14
Dec

Bermane Stiverne will defend his WBC heavyweight title against knockout artist Deontay Wilder on Jan. 17 at the MGM Grand in Las Vegas, Showtime announced on Saturday.

The release confirmed an earlier report by RingTV.com citing Golden Boy Promotions president Oscar De La Hoya.

Although a definitive agreement was reached in October between Stiverne (24-1-1, 21 knockouts) and Wilder (32-0, 32 KOs), a date, venue and network still had yet to be determined.

“This will be a momentous day in heavyweight boxing history. Just more than 40 years removed from the Rumble in The Jungle with Muhammed Ali and George Foreman, the heavyweights, WBC world champion Bermane Stiverne and Deontay Wilder, will ‘Return to Glory’ live at MGM Grand on Showtime,” said promoter Don King, who handles Stiverne.



“The little guys in boxing are great, but it’s the heavyweights that have always excited fans the most. Bermane, he’s a knockout artist just like Mike Tyson. Wilder, he talks trash, but is a good fighter, too. This is a must-see fight. The heavyweights are back and ready to ‘Return To Glory.'”

Stiverne, 36, is coming off a sixth-round technical knockout over Chris Arreola in May that earned the belt which had been vacated when Vitali Klitschko retired to pursue a political career in Ukraine. The victory also made Stiverne the first heavyweight champion of Haitian descent.

Stiverne-Arreola was a rematch of an earlier bout in April 2013, during which Stiverne floored Arreola in the third round of a unanimous decision victory. Stiverne is 12-0-1 with nine stoppages since being knocked out in the fourth round by Demetrice King in July 2007.

“Don’t blink on Jan. 17. I am the heavyweight champion of the world and nobody is going to beat me. I’m excited and I’m looking forward to making a statement. Talk is cheap. I do my talking in the ring,” said Stiverne, who stands 6-foot-2.

“I’m all business. The only time he’s going to get my attention is the night of the fight. I promise you, he will get more than he bargained for and more than he’s expecting.”

A 2008 U.S. Olympic bronze medalist and the last American man to medal in Olympic boxing, Wilder, 29, is coming off a fourth-round knockout of Jason Gavern, whom he dropped in the third and final rounds.

Prior to Gavern, Wilder became Stiverne’s mandatory challenger with a 96-second knockout of Malik Scott in a WBC eliminator bout in March.

“I’m expecting a short night because we have bad blood. I really want to hurt this guy, and I haven’t felt this way in a long time,” said Wilder, who stands 6-foot-7. “I want to show him this is no joke, this is real. This is business. This is the hurt game and my power is real. I told him that I’ll whoop his ass and I’m going to keep my promise.”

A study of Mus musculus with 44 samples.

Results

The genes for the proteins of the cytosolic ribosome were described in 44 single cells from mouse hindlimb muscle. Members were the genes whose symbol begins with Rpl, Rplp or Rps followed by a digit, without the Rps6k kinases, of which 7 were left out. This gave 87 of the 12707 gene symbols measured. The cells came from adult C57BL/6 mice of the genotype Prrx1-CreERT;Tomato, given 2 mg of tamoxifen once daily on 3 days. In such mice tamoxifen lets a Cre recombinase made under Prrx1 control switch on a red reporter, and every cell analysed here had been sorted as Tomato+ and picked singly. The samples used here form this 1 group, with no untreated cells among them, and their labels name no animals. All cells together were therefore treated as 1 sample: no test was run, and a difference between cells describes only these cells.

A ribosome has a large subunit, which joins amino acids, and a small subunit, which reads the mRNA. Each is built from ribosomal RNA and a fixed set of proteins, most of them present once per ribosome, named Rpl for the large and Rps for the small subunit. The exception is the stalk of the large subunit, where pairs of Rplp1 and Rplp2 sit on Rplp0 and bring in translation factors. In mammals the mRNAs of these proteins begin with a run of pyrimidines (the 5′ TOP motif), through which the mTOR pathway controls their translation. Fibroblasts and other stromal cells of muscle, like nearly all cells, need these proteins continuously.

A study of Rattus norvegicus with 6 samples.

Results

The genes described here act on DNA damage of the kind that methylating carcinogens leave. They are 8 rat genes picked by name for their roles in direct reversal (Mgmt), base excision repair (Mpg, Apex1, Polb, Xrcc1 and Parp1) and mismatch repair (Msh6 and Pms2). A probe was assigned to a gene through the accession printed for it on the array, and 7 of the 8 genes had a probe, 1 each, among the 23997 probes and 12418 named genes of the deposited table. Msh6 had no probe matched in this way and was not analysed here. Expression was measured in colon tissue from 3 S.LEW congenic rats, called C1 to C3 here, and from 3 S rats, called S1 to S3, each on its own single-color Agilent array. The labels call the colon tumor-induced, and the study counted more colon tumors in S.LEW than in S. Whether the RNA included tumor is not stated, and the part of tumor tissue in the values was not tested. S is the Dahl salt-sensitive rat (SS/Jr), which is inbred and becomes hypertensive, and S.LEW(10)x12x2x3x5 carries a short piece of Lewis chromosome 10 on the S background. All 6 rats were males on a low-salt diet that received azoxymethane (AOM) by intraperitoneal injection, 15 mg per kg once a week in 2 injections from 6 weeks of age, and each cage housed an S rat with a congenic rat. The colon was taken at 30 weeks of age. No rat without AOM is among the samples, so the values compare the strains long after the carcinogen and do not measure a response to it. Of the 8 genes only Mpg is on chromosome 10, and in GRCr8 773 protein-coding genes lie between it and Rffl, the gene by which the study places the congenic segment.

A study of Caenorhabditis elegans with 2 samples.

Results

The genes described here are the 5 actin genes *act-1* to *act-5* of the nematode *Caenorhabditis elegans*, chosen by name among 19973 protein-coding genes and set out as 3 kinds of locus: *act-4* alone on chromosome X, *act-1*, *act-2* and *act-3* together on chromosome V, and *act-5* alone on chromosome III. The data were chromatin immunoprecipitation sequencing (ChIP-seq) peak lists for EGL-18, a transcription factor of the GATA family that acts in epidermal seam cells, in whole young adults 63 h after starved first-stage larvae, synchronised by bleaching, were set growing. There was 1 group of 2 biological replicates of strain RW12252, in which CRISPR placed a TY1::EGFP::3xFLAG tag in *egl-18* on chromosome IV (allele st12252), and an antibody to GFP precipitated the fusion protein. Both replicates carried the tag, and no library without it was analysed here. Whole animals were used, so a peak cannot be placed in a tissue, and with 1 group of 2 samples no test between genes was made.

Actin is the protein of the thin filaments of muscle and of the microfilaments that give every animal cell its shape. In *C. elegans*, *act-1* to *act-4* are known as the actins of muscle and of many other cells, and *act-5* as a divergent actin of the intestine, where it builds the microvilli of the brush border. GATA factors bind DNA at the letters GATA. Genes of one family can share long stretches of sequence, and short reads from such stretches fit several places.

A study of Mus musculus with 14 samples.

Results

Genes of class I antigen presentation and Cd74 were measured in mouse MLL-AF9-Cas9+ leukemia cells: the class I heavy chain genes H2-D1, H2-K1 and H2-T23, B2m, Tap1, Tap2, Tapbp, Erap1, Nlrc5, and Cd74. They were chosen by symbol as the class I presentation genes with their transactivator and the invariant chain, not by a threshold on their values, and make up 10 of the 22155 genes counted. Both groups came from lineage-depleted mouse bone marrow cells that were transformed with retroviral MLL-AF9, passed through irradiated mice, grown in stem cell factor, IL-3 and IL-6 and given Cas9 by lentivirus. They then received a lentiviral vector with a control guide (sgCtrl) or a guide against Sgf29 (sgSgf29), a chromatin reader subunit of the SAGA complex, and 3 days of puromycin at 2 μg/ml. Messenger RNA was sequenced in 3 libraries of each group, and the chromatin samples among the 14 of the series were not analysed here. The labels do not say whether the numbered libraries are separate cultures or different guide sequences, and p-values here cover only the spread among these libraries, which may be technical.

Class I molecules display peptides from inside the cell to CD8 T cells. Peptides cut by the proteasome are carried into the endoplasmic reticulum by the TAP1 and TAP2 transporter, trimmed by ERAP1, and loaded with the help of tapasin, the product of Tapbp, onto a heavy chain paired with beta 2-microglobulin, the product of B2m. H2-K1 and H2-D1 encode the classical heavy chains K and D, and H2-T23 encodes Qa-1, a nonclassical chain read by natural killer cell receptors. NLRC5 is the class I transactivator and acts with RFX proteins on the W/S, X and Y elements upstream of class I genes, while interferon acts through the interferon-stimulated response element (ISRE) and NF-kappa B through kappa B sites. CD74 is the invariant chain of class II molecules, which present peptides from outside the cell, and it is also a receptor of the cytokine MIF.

No U.S.-born fighter has held a heavyweight title since 2007, when Shannon Briggs lost a unanimous decision to Sultan Ibragimov and gave up the WBO strap he’d won from Sergei Liakhovich seven months earlier.

In 2006, Hasim Rahman held the WBC belt while the IBF title was held by Chris Byrd. John Ruiz, from Massachusetts, was the first Latino to hold a heavyweight belt when he became the WBA champ in 2005.

“Fight fans across the United States have been clamoring for an American heavyweight champion for nearly a decade, and Deontay Wilder may well answer their wishes on January 17,” said Oscar De La Hoya, who handles the undefeated fighter from Alabama. “Stiverne brings power and experience. Wilder brings power and youth. This is set up to be an explosive fight that I can’t wait to see.”

Wilder owns a first-round stoppage of Liakhovich from August 2013.

“I can’t help that I always knock my guys out. It’s not my fault I make it look easy. When I knock Stiverne out, I don’t want to hear any whispers. I don’t want to hear people say that he was a bum. I want the world to bow down and praise the heavyweight champion of the world,” said Wilder.

“They have to finally admit that I’m just that good. Now I can make all my dreams come true. I can make it a reality. America is yearning for a heavyweight world champion. We haven’t had a real one since the days of Mike Tyson and Evander Holyfield. Everyone just sits back and remembers the glory days. America has been waiting for their champion, and I’ve arrived.”

RING champion Wladimir Klitschko (63-3, 53 KOs) holds the IBF, WBA and WBO titles, and is coming off last month’s fifth-round stoppage of previously undefeated Kubrat Pulev. The bout was the first of a three-fight deal Klitschko has with HBO.

The 38-year-old champ made his 17th straight defense with the stoppage of Pulev, representing Klitschko’s 26th title bout. His record in title bouts is 24-2 including 22 defenses (over two reigns) that ranks second only to that of the 25 (all consecutive) by the legendary Joe Louis.

Co-promoted by King and De La Hoya, the Stiverne-Wilder card will also feature Leo Santa Cruz (28-0-1, 16 KOs) defending his WBC junior featherweight title against an opponent to be determined, according to the release.

That rival could potentially be three-division titlist Abner Mares, who scored three knockdowns during a third-round stoppage of featherweight rival Jose Ramirez on Saturday.

In his last fight in September, Santa Cruz dropped and stopped Manuel Roman in the second round on the undercard of Floyd Mayweather Jr.’s unanimous decision over Marcos Maidana.

Showtime will also air an episode of All-Access on Jan. 9 at 10:45 p.m. ET/PT in advance of Stiverne-Wilder.